Tuesday, May 15, 2007

My Paris Readings

May 20th at 7pm
Dinner and Reading at Chez Patricia: 13 rue de Mulhouse, 75002 Paris. Metro: Sentier (line 3). Take the rue des Petits Carreaux exit (very important). Cross rue Reamur. The street on the left should be rue des Petits Carreaux. Walk 2 blocks up on rue des Petits Carreaux. You’ll face an HSBC branch . (There’s Café Honoré on the right). That’s rue de Clery. Make a short left (30 seconds) onto rue de Clery and then immediately a right onto rue de Mulhouse.

May 25 Friday at 7pm Reading from Murder on the Ile Saint Louis and
The Red Wheelbarrow Bookstore
22, rue St Paul
75004 Paris France
Tel / Fax (+33) 01 48 04 75 08

May 28 Monday at 7pm Murder on the Ile Saint Louis Reading and
Shakespeare and Company.
37 rue de la B°cherie,
Paris, 75005.

Friday, May 11, 2007

Stained glass in Paris and hot Toile de Joui

Here is the web site for my friend Gilles' stainglass workshop:

also, one of the hot things these days, the hot Toile de Jouï:

somebody just had to do it, Aimée would love it.

Areas of the 10th arrondissement worth visiting

of course there is always rowing on the canal on Saturday, eating on
the cobblestone along the Canal Saint Martin,
the reflection of the trees in the canal at night from the top of one
of the bridges, the less known canal boat trips that take you along the
gates, and the different ways the bridges go up to let the boat go
(sideways, upward), the funky bourgois boheme Chez Prune for a coffee,
the artistic studio next to Stalingrad, the fight of the heir of the
architect to keep the Stalingrad plazza has bad as it is now...

Thursday, May 10, 2007

a little q+a with Swedish writer Helene Tursten

I met Helene Tursten (another Soho author) and bestseller in Sweden in Los Angeles. We were on a panel at the Swedish consulate somewhere overlooking the Pacific ocean along with Swedish crime writers Inger Frimansson, Kjell Ericksson and Hakan Nesser. I love Helene's series with Detective Inspector Huss and asked her some questions.

Q - The murder in the 1980's of a Swedish minister and more recently the murder of Anna Lind, a member of Parliament, has brought attention to the world that Sweden is more than the land of the Nobel Prize...did these or other events prompt you to write crime novels? Did you think crime fiction was a way to explore the changing society in Sweden?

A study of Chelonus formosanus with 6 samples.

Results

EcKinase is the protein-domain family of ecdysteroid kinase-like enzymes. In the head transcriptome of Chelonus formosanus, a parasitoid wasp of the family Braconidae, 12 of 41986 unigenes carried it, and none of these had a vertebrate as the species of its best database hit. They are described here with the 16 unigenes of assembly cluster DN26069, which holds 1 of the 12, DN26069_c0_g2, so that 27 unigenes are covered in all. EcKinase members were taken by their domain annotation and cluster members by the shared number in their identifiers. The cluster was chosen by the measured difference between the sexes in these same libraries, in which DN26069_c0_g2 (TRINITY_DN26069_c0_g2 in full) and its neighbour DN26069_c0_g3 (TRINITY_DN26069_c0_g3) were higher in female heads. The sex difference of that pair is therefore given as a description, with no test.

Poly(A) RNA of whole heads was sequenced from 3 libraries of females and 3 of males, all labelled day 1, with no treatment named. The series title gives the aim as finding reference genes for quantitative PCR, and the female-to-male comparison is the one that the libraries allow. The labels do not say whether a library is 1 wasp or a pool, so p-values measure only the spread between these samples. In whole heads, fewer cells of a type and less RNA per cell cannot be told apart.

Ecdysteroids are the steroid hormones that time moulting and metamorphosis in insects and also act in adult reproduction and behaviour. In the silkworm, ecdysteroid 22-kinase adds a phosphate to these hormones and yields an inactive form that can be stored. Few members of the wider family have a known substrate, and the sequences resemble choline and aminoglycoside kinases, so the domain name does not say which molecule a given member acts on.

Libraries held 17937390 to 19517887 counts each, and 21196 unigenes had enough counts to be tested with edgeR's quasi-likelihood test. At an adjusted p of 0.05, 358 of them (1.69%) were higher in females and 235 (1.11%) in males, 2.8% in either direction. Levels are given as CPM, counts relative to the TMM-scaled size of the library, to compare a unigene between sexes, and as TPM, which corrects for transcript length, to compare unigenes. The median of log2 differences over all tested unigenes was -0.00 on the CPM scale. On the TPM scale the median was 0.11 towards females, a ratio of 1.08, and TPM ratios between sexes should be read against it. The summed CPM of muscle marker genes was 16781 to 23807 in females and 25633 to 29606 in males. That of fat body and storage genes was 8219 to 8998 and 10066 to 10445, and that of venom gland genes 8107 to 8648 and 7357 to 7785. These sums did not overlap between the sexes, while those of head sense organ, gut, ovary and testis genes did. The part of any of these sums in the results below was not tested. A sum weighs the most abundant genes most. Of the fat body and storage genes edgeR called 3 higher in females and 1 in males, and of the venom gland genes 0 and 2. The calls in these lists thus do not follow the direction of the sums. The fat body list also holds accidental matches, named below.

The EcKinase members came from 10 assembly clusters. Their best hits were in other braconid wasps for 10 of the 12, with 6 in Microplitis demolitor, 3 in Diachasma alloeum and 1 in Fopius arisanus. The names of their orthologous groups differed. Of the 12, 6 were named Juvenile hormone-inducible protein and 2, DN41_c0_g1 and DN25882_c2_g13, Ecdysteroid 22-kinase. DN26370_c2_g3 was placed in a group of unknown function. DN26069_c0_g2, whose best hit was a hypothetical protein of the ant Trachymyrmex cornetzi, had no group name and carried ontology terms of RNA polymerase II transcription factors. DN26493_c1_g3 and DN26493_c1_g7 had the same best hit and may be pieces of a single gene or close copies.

A - I can truely say that the murders above did not promt me to start writing. It was more my intention to tell a really good story and show the effects of the changing society in Sweden. I´m very much of a story-teller and my stories takes place in todays Swedish society.

Q - I love that your protagonist is married, has a family life and a husband who cooks. Who's the inspiration for your protagonist Detective Inspector Huss? Is it true you were a policewoman...and are now a dentist?

A - I´m not an ex-policewoman. I´m a registered nurse and also a qualified dentist. My husband was a policeman for six years, before he started to study and become a dentist. We met at the university when we both started at the dentistry school.
My inspiration for Irene Huss were all the real female policewomen that I had met, thanks to my husband. They where all "normal"; they had families and normal social lifes.

Q- Does your husband cook?

A - No. That´s me.

Q - I hear that your novels will be filmed for tv and a movie. Did you get to consult and advise on the filming?

A - Yes, I have worked as an editor of the scripts. But I told the scriptwriters that they could use me as a resource and not look at me as a threat. They didn´t have to change in the scripts as I thought they should. It was up to them to decide. And we have cooperated very well!

Q - Can you describe Detective Inspector Huss in a few short sentences?

A - She is intelligent, has good intuition but is not intellectual. Her whole life is her work, her family and her training. She has no time for other things.

Q - What's she investigating next?

A - No idea! Do you have any good ones to spare?

Q - Who influenced your writing?

A - I really try to write as "myself". It´s important that a writer has his or her own voice. But I like the AngloSaxon writers: PD James, Ruth Randell, Ian Rankin, Val MCDermid, Denise Mina, Michael Conelly, Dennis Lehane, Elisabeth George (but her books really are a bit too long!). I think that my books suits the American readers, because they are not "slow" as other Scandinavian crimenovels tends to be.